Les Moonves Has Nothing to Say to You People
[Not] Great Quarter, Guys
(Bloomberg Opinion) -- CBS Corp. reported quarterly financial results last night, and aside from some decent numbers, nobody involved covered themselves in much glory.
For one thing, embattled CEO Les Moonves showed up on the conference call, which was aired live on CNBC, to discuss the results with analysts. But neither he nor any other executive would talk about sexual-harassment allegations against him. That CBS is still trotting Moonves out as its public face despite his troubles – which the board has reportedly known about for months – exemplifies the leadership void at CBS, writes Tara Lachapelle: “Two of the biggest hallmarks of good corporate governance are transparency and accountability. CBS’s board has failed at both.”
None of the Wall Street analysts on the call pressed CBS about the allegations either – though they would seem to be of some material importance to a company that is also brawling with its controlling shareholder over whether to merge with Viacom Inc. One analyst even stuck to the cloying Wall Street convention of declaring it a “Great quarter.” Stop doing that! Matt Levine argues analysts aren’t paid for confrontational journalism, but rather to stay as close as possible to the companies they cover, in order to glean financial information for their own clients. Still, not a great quarter, or look.
Good News/Bad News Job Report
The longest stretch of job growth on U.S. record continued in July, and unemployment dipped to a amazingly low 3.9 percent. On the other hand, wage growth was too slow to keep up with inflation, and the job growth was a little tepid.
This sort of good-news/bad-news dynamic shows up the deeper you dig into the numbers. Justin Fox, for example, notes the percentage of prime-working-age Americans holding a job still hasn’t recovered to pre-recession levels. And it’s still far below its all-time peak before the 2001 recession, and badly lagging similar ratios in other big economies.
Digging still deeper, Justin pinpoints the problem: Men are still not working at nearly the rates they have in the past: “[T]here are still a lot of prime-age men out there without jobs (8.6 million in total, according to the BLS) who could conceivably be put to work.” Click here to read the whole thing.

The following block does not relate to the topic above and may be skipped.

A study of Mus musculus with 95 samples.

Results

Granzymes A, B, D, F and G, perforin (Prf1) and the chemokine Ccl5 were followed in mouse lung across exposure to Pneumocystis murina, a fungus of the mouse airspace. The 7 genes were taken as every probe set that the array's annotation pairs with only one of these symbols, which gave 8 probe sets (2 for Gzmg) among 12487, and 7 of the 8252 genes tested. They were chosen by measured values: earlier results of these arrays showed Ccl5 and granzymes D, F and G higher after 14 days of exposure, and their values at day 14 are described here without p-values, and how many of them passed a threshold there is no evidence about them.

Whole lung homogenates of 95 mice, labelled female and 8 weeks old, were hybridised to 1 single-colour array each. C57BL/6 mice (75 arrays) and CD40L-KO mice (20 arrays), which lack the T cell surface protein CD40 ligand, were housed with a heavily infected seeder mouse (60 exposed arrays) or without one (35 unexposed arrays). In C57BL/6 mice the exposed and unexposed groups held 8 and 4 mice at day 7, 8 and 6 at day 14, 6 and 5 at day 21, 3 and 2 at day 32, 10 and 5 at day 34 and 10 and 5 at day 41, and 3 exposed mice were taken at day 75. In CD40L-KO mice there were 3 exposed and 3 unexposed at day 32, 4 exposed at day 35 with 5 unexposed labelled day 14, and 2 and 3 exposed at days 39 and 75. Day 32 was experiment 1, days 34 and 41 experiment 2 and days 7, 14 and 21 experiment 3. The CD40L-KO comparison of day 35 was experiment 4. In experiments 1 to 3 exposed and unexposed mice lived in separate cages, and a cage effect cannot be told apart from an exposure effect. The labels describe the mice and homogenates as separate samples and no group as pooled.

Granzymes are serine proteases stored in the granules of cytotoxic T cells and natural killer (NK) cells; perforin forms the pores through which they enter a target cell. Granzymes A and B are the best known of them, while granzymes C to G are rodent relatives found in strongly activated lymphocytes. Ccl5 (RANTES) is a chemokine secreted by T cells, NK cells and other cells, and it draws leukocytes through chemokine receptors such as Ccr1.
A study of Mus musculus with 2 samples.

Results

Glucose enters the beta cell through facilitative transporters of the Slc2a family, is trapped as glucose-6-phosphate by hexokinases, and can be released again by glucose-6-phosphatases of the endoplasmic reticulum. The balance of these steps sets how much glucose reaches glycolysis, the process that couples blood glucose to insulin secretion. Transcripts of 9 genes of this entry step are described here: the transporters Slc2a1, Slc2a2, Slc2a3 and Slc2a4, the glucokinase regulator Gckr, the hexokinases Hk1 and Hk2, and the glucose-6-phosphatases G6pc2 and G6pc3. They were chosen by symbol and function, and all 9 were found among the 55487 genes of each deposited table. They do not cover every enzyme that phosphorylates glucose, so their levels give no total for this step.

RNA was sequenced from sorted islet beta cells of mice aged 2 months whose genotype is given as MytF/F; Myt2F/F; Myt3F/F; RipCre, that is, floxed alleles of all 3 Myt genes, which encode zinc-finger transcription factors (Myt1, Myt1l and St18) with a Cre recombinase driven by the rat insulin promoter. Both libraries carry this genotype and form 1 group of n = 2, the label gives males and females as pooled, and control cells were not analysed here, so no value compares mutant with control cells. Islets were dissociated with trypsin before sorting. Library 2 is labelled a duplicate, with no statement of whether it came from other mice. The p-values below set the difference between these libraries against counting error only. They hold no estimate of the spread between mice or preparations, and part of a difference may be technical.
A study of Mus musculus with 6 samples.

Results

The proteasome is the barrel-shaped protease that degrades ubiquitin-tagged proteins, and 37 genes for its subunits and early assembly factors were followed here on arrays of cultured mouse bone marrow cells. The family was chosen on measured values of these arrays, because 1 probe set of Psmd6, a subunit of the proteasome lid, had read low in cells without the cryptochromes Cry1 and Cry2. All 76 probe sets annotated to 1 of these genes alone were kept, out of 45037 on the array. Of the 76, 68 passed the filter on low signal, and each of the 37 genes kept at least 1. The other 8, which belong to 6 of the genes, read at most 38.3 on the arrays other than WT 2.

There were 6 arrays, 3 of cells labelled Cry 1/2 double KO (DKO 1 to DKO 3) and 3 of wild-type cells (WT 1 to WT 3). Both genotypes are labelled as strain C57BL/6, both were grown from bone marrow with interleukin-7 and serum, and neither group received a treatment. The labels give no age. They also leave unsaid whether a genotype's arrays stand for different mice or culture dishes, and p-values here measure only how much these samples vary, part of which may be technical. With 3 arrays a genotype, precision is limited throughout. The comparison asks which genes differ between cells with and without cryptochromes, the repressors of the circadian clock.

On the bright side, Mark Whitehouse notes the percentage of black Americans with jobs has improved much more quickly, closing much of what was an abysmal gap with white workers:
Skip Trump’s Tax-Cut Double-Dip
President Donald Trump deserves some credit for the economy’s continuing recovery, thanks partly to the extra steroid boost of his corporate tax cut. Naturally, he wants to cut taxes even more, by tweaking the capital gains tax. But he wants to do this without Congress, and such a tax cut would shower more cash on the wealthy, probably wouldn’t help the economy much, and would send government finances even deeper into the red, Bloomberg’s editors write:
“Unaffordable, unfair, inefficient and quite possibly unlawful – for just one idea, that’s impressive.” Click here to read the whole thing.
Elizabeth Warren Is No Fan of This SEC Broker Proposal
Trump’s Securities and Exchange Commission has proposed making brokers put their clients’ interests ahead of their own – imagine! – which sounds like a great idea to, say, clients of brokers. But the SEC doesn’t want to hold brokers to a fiduciary standard, and it doesn’t want to let customers sue those that fall short. Massachusetts Senator Elizabeth Warren writes this doesn’t go far enough. “The last thing the average American saver needs is to lose money because of conflicted advice from their brokers,” she writes. Click here to read her four proposals for a better plan.
It’s getting harder and harder to tell why Warren Buffett is so fond of Kraft Heinz Co., writes Tara Lachapelle:
A flurry of dealmaking in the pipeline sector is the sign of the end of a long era, writes Liam Denning:
Democracy just took another hit in Zimbabwe. – Leonid Bershidsky
The EU’s pity for Theresa May will only get her so far. – Ferdinando Giugliano
How Democrats can fight Brett Kavanaugh’s nomination. – Francis Wilkinson
A new book has a recipe for saving America’s heartland. – Noah Smith
The shifting health-care debate is good news for Republican politicians, not so good for conservatives. – Ramesh Ponnuru
“Responsibility aversion” may be holding people back from being good leaders. – Faye Flam
Some goats got loose.
What it’s like to carry around a reusable straw.
How to kill off a TV character.
The real science behind the Megalodon (in theaters soon).
National Geographic’s photos of the week.
Note: Please send Trapper Keepers, suggestions and kicker ideas to Mark Gongloff at firstname.lastname@example.org.
Mark Gongloff is an editor with Bloomberg Opinion. He previously was a managing editor of Fortune.com, ran the Huffington Post's business and technology coverage, and was a columnist, reporter and editor for the Wall Street Journal.